China, Film Financing and Television Programming | KPMG | US

China, Film Financing and Television Programming: A Taxation Guide

China, Film Financing and Television Programming



China became a member of the WTO at the end of 2001, but it did not make any commitments to open up the film production sector to foreign investors. However, China has undertaken to import 20 films a year for release on a revenue-sharing basis immediately after its accession to the WTO. This may expose state-owned film studios to greater competition. 

The film industry is regulated by the State Administration of Radio, Film, and Television (SARFT). To promote the film industry, SARFT issued the Provisional Rules on Operation Qualifications for Entry into Film Production, Distribution, and Exhibition (Film Market Entry Rules) on October 29, 2003, which was later superseded by a revised version on November 10, 2004. According to this set of rules, effective December 1, 2003, foreign investors may incorporate a film production company in the form of an equity joint venture or cooperative joint venture with China film production companies. However, the investors are required to have controlling interests in the equity joint venture or cooperative joint venture.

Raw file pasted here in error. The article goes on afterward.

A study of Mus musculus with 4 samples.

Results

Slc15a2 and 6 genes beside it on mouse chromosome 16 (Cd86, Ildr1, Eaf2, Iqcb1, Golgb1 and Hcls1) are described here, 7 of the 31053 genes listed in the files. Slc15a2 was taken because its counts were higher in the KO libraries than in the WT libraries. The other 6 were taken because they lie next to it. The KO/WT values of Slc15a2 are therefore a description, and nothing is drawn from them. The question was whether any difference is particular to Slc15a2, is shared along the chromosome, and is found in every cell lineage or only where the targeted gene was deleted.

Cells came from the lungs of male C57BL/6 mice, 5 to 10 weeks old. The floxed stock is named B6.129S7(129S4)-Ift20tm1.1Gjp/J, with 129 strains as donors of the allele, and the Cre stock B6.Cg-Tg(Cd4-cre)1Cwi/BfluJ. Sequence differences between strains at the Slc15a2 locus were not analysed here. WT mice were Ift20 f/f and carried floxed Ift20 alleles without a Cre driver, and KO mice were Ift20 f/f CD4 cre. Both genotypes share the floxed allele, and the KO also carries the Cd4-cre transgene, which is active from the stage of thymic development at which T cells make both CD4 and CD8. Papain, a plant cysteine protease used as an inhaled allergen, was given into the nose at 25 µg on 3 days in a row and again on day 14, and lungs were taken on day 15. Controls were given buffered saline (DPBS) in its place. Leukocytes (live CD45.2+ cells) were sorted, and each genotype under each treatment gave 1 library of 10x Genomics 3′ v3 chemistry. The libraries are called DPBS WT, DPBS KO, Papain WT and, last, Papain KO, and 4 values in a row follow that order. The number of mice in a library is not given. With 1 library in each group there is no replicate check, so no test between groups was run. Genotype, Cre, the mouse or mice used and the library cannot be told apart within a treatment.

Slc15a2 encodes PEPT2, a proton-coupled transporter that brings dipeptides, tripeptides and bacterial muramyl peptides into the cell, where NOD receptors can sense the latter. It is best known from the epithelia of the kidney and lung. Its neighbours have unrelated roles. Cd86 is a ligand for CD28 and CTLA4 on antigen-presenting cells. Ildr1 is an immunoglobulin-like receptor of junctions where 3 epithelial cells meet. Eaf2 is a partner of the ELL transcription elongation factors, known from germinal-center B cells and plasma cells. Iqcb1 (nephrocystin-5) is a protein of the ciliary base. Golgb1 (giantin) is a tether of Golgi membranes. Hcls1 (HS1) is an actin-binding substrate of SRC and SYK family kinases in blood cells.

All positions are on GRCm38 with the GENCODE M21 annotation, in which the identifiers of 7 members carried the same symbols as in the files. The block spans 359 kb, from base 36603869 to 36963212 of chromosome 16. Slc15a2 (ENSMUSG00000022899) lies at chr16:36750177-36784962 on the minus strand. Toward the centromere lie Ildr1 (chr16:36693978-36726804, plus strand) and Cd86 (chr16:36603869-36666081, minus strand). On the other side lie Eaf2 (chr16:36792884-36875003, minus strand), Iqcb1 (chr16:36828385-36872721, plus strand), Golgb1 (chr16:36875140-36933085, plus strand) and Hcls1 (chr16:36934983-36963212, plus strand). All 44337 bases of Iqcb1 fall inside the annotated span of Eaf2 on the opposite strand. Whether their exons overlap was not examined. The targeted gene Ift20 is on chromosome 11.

Warner China Film HG Corporation, incorporated in December 2004, was the first China-foreign equity joint venture established in China for film production. However, the attempt to allow foreign investment in film production was suspended shortly thereafter. In July 2005, the PRC Ministry of Culture, SARFT, and several other government agencies jointly issued a circular, Opinions on Foreign Investment in Culture Related Areas (Opinions), which prohibits foreign investors from establishing or investing in film production companies in China. The prohibition of foreign investment in the film production industry is reemphasized under the prevailing National Foreign Investment Catalogue Guide, which provides guidance on the industries that encourage, restrict, or prohibit foreign investments under the current Chinese regulatory framework. As a result, foreign investors may only participate in the cooperation of films with Chinese film production companies on a project basis, and the majority of the cooperations are in the form of joint production, assisted production, or contracted production.

Foreign investments are also prohibited in the China film distribution industry, with the exception of Hong Kong and Macau investors, which are permitted to establish wholly owned subsidiaries in China for the distribution of China-made films, owing to the supplementary provisions to the Film Market Entry Rules issued by the SARFT on March 7, 2005 and effective from January 1, 2005. Currently, the production, distribution, releasing/showing, importation, and exportation of films in China are subject to approval by the relevant authorities, mainly the SARFT.